Every morning is Easter morning...

Part 4: the hunt

When I was growing up, we spent a lot of time on big gift days waiting. We were never allowed to see what Santa brought until the adults were awake with coffee in one hand and a camera in the other, in prime photo op position to capture our surprised faces. I don't know what would have happened if we broke protocol to sneak in and check out the loot before we woke the 'rents. Likely our gifts would have vaporized immediately at our blatant rule-breaking or something equally as horrifying. {Shudder}
To my knowledge, none of us ever took such a risk to find out.

Same thing on Easter morning--get up, wake parents, sit in hallway and wait for them to be ready. It was irritating and exhilarating all at the same time. What better way to build up the anticipation than ten minutes or so of jittery booty scoots in the most boring spot of the house, chatting with sisters about what could possibly be waiting for us around the corner?

I was always jealous of the kids who got to raid their stash within seconds of waking, Christmas Story style, with parents groggily moping down the stairs to the sounds of paper tearing and children shrieking with joy. However, now that I am in the driver's seat (or more appropriately, co-driver), I can totally appreciate why my dear old mom and dad kept such a tight leash on us.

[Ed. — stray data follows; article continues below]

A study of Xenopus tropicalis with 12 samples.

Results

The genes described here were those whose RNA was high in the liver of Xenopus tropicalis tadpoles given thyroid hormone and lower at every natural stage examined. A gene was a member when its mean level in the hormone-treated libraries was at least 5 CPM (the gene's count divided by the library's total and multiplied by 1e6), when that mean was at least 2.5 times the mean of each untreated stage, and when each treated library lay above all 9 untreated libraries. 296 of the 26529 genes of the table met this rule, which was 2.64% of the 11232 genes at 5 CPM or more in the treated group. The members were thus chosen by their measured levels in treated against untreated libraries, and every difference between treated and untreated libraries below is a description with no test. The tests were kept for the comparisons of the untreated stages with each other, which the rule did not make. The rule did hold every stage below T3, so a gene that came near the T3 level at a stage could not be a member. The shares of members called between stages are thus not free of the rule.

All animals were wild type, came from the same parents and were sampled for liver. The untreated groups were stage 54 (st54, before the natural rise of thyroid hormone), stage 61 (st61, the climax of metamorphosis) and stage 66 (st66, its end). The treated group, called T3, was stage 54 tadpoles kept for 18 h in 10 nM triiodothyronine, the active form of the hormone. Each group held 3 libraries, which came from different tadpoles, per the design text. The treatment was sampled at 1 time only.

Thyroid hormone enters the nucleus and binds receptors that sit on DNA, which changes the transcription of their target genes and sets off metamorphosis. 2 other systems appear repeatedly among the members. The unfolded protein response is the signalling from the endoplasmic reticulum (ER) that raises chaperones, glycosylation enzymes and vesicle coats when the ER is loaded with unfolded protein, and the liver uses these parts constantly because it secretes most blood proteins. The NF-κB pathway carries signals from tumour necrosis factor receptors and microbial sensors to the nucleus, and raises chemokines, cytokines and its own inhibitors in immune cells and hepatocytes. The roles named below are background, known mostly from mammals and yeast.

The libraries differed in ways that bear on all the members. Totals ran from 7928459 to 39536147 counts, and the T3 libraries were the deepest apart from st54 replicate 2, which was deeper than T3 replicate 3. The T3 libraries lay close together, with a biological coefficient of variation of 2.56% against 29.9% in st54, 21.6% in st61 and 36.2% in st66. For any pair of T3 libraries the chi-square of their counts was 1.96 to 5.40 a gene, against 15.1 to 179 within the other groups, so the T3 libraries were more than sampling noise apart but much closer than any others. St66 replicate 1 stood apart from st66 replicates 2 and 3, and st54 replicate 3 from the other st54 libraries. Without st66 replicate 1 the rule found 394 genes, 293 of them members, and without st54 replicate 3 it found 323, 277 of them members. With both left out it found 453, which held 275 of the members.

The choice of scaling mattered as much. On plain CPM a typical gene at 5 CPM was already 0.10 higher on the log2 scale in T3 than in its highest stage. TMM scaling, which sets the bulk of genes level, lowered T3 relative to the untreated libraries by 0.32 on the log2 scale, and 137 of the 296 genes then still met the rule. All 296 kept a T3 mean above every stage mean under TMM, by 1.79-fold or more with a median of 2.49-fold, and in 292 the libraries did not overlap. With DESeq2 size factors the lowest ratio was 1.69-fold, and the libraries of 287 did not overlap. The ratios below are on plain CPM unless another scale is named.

With all the work and planning that goes into each special day, the biggest pay-off, worth more than any sum of gifts combined, is the reaction of discovery. As I already mentioned, my kids have to ease into their reactions a bit for now. Once they are a little older and the adrenaline of memory kicks in, I'm sure a more immediate result will likely ensue.

An example of why this system works is the happenings of our egg hunt. In the Ouellette house, if we saw a bright plastic egg out of the corner of our eyes, we snapped our heads back in place (maybe with a little elbow poke and swift nod to a sister in that general direction) and made a mental note of where to find that egg when the time came. We did not just grab any old egg we found whenever we found it. No, sir. Again, cameras needed to be in hand. The grown ups needed to be ready.

Now that I'm a Clayton, I'm a little slower on the uptake. While I sat on the couch in a zombie-like fashion, Addie began picking up eggs all over the place. The impromptu hunt was on and by the time I snapped to it and realized what she was doing, I only got a few shots of the excitement. They are still pretty cute, but the Ouellette inside of me is thinking, Just imagine all the images I could have taken had I been prepared!!!

Somewhere down the line and somewhere in the middle I shall find my grove, I'm sure. Part of me really wants to preserve that part of my childhood and pass it onto my girls so they too can know the elated torture of patience on such a glorious day. Another part of me says aw the heck with it, just let 'em go. Either way the days, the events, the moments fill us with memories that build a legacy. It's called tradition. And I'm such a sucker for it.